Also, SARS-cov-2 is not THE Disaster, 3

Okay – but HOW do we redefine these things and make it so everything works? It’s a difficult one. How do we stop people creating, say, a better version of COVID19 in the lab rather than the cure? How do we stop the master cabinetmaker from creating a transformer that explodes in a flurry of knives when you grab the handle?

IN an economy based on wealth and the need for wealth for survival, we withhold wealth from outlaws. Outlaws are by definition people who operate outside our common laws. We’ve romaticised them and almost use the term as an endearment today, but it used to be a term laden with loathing and derision, much as the term “politician” is today. And deservedly so, in both cases.

But we will need to give these matters considerable thought. But there are a few things we can do. Consider a non-participatory AI. You may feel that AIs are a scary proposition, unpredictable and wildly dangerous. But that’s only if it is a participant in everyday life.

However, we know that AIs are single-minded, tenacious, and result-driven, You can forget right away about an AI developing delusions of grandeur and wanting to annihilate al human life, that just doesn’t happen because it’s too focused on selling you useless plastic vegetable spiralisers at 5000% profits. And the reason it’ll start killing people is because it discovers that paying the grocery bills of useless plastic vegetable spiralisers results in better market penetration. Because (and it won’t know about this, nor why this might be a Bad Thing) by subsidising customers, it’s made groceries too expensive for anyone else so non-customers of useless plastic vegetable spiralisers are dying…

And there you go, you’ll yell, that’s the VERY reason we shouldn’t rely on AIs!!!

But you’re ignoring one thing. WE program AIs to do greedy things, we’re all pretty much dimly aware that as a result there may be some collateral damage but we need our AI to do what it is contracted to do so that we can have our slice of wealth, so that we can survive. Truly the Bible may have been a terrible guide to how to live in most ways, but in that one truism at least, it’s spot – on: “Love of money is the root of all evil.” Notice it didn’t say that money was bad, just that the love of it is. Having money to live and buy some luxury isn’t bad. Wanting to hoard enough to get through a bad season or two isn’t necessarily bad either. But beyond that, what is the point other than to deprive someone else of wealth so that THEY DIE?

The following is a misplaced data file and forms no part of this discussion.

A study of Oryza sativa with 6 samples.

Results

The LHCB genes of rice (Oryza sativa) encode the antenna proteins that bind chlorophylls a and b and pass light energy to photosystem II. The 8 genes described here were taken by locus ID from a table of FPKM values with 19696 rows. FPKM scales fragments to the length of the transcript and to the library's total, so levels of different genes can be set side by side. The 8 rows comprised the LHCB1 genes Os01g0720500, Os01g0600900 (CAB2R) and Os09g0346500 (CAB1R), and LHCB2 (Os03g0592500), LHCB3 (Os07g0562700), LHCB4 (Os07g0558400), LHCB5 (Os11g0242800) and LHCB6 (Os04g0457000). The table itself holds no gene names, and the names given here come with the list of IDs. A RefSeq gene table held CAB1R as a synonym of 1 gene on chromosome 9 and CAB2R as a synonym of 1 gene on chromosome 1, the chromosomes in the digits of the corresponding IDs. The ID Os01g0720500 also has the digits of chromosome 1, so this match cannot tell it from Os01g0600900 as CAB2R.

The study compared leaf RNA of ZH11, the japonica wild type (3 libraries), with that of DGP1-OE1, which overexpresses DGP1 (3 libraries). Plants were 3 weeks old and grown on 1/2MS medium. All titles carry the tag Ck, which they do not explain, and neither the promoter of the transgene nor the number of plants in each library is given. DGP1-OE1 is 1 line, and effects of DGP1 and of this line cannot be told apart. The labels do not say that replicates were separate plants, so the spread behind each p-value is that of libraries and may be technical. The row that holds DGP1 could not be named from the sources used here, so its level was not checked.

The sad fact is that we’re programmed to kill our fellow humans just to keep our DNA dominant. But these days it’s a CONSCIOUS factor we sometimes base our decisions on, and – absent any survival imperative – it would become a vestige like our tail stump or our appendix.

If an EV (Electric Vehicle) is an unattainable luxury today because of the cost of manufacture, should we aim to hoard for one or wait until it becomes attainable? Today, that’s a moral dilemma we’re each impaled on. Or should we be thinking about ride sharing, or walking or bicycling?

Right now, EV makers are having to fight for the survival of the EV. They are having to hoard billions for advertising, for contingencies, for the greed of the various board members and share holders along the way. Ride share and bike share companies are having to make do, make do with primitive tech and intelligence, with drivers who have profit and hoarding agendas of their own, lawmakers who need the kickback from roadmakers and parking companies to support their cocaine habit.

If wealth was no obstacle and no longer the primary objective, imagine how far advanced self – driving cars and bikes would be. There are literally tens of thousands of people out there that have some GREAT ideas for self – driving cars and the ethics of self – driving cars and other machine ethhics. The idea for a newer better more manageable AI is out there. The concept of an AI that shadows another AI and explains how decisions were arrived at is out there but too “expensive” to implement because it wouldn’t generate a profit. (For “profit” perhaps read “hoard” as in the noun form. It helps to think of it that way.)

If “hoard” wasn’t a prime objective, those ideas would already have been trialled, proven, and put in place. Not all the smart people are in EV factory design offices. Sometimes the best ideas just die because the person having those ideas doesn’t have a commensurate hoard. Imagine if Tesla hadn’t had to compete commercially with Edison and solicit JP Morgan but instead had just been allowed to develop[ the maddening pictures in his head?

Are you seeing a biiger picture emerging here? Don’t worry, I’ve been seeing this bigger picture for a while now and I’ve polished some of the rough edges off it.